There are a whole host of common lawn problems, all of which can be fixed with regular tending and the right lawnmower for the job.
Moss is one of the most common problems plaguing a lawn. It is a clear indication that soil may be compacted and drainage is poor. A moss killer will remove the moss, but to combat the problem grass needs to be encouraged to grow, as moss is unable to compete for lawn space when grass is in full growth. An aerator should fix the problem. This will put holes down into the soil of your lawn to alleviate compaction, enabling air, nutrients and water to reach the grass roots, improving growth and eradicating the moss.
Weeds are a further common lawn problem and are inclined to take root when lawns are left untended. Mowing regularly is the key to a healthy lawn, as each cut allows the grass to grow more thickly. This makes the grass more hard-wearing and blocks out the weeds. The solution is a good lawn mower, such as one designed by Briggs and Stratton parts for which can be easily ordered at https://diyengineparts.com/Brand/1/briggs-and-stratton-parts. Aim to mow three times a fortnight, cutting grass to a minimum height of 2cm, and ensure the blades are sharp. All of this will guarantee a healthy lawn and keep the weeds at bay.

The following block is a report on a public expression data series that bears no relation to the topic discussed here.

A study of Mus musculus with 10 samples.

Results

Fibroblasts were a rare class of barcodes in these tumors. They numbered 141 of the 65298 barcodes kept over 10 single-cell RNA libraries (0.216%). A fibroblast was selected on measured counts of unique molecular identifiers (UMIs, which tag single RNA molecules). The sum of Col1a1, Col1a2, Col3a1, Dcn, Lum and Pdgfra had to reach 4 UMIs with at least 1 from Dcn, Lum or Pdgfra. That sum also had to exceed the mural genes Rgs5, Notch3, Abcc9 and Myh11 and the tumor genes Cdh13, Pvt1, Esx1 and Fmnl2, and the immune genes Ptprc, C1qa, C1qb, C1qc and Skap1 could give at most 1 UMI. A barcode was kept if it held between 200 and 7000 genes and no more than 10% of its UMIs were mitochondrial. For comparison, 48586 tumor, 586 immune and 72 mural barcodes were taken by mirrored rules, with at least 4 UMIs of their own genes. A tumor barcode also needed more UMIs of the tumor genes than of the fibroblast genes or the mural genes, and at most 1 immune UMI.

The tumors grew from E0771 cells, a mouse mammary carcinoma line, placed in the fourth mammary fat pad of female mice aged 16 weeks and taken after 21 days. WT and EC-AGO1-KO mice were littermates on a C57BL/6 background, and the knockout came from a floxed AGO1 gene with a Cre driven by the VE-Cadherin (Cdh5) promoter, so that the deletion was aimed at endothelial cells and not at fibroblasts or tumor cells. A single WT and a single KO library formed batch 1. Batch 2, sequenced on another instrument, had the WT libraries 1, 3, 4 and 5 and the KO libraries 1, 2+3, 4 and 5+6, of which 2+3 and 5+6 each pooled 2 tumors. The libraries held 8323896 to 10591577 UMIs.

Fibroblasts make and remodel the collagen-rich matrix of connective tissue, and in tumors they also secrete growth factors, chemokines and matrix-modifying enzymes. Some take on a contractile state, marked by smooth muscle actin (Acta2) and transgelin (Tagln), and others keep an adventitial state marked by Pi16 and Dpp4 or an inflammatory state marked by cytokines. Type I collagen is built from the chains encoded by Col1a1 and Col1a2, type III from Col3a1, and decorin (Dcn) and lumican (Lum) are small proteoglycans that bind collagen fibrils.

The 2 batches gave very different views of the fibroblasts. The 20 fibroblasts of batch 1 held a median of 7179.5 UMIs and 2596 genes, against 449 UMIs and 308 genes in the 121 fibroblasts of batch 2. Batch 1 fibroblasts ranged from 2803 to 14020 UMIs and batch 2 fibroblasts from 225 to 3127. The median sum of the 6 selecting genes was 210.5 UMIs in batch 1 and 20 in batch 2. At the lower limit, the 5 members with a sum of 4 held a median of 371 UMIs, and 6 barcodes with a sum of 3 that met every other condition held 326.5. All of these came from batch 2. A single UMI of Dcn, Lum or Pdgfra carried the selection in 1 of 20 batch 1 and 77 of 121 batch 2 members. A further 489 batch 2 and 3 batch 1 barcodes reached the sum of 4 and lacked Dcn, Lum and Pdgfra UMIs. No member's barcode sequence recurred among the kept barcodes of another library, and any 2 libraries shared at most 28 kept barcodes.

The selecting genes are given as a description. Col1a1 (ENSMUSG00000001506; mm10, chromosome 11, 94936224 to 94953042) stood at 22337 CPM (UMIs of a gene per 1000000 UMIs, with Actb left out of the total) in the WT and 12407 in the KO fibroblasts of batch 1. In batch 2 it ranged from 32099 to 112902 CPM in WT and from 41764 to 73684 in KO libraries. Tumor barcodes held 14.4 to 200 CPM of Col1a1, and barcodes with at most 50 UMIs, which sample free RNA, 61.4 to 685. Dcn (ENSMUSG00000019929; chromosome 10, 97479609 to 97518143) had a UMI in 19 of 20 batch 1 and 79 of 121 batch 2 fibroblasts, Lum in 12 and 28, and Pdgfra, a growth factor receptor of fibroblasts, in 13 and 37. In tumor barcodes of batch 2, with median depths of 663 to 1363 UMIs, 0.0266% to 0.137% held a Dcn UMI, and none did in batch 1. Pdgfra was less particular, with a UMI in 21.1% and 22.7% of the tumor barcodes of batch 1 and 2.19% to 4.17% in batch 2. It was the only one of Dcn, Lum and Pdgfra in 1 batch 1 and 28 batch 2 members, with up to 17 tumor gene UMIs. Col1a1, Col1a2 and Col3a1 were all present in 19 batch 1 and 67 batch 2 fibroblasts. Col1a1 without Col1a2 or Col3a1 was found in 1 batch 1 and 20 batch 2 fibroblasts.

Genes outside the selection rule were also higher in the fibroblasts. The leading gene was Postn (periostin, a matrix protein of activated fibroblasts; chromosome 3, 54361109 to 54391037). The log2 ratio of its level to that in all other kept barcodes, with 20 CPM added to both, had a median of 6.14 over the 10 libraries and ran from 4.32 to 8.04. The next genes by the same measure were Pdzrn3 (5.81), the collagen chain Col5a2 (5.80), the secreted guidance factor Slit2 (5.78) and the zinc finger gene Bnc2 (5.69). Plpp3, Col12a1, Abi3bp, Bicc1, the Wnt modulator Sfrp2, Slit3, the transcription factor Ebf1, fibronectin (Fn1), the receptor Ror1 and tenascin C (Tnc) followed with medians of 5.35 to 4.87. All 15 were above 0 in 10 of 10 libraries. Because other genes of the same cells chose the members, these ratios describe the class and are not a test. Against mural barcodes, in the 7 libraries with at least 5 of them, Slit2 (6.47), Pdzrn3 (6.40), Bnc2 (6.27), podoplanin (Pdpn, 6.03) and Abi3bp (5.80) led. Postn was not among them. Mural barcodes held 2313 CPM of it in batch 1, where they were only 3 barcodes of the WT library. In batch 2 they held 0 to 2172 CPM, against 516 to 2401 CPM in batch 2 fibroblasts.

The elusive mole can be a common lawn problem. These solitary creatures live underground feasting on worms – hence the numerous mounds of soil left dotted across the lawn. This can cause distress to the keen landscaper, despite their tunnels providing aeration to the soil. A solution would be to use a humane trap or organic food matter with an offensive odour such as a pickled egg or garlic placed down the hole. This should encourage the mole to move to a new location.
Bald spots, brown patches and pale lawns are all common problems signalling that your lawn may be undernourished and/or your pets are using the lawn for their toilet. This can be fixed by feeding your lawn with nutrient-rich lawn supplements. Fill in the bald patches with topsoil and grass seed, and do not forget to water. Grass requires two inches of a water a week, and with regular watering and mowing, your lawn will be brought back to health in no time.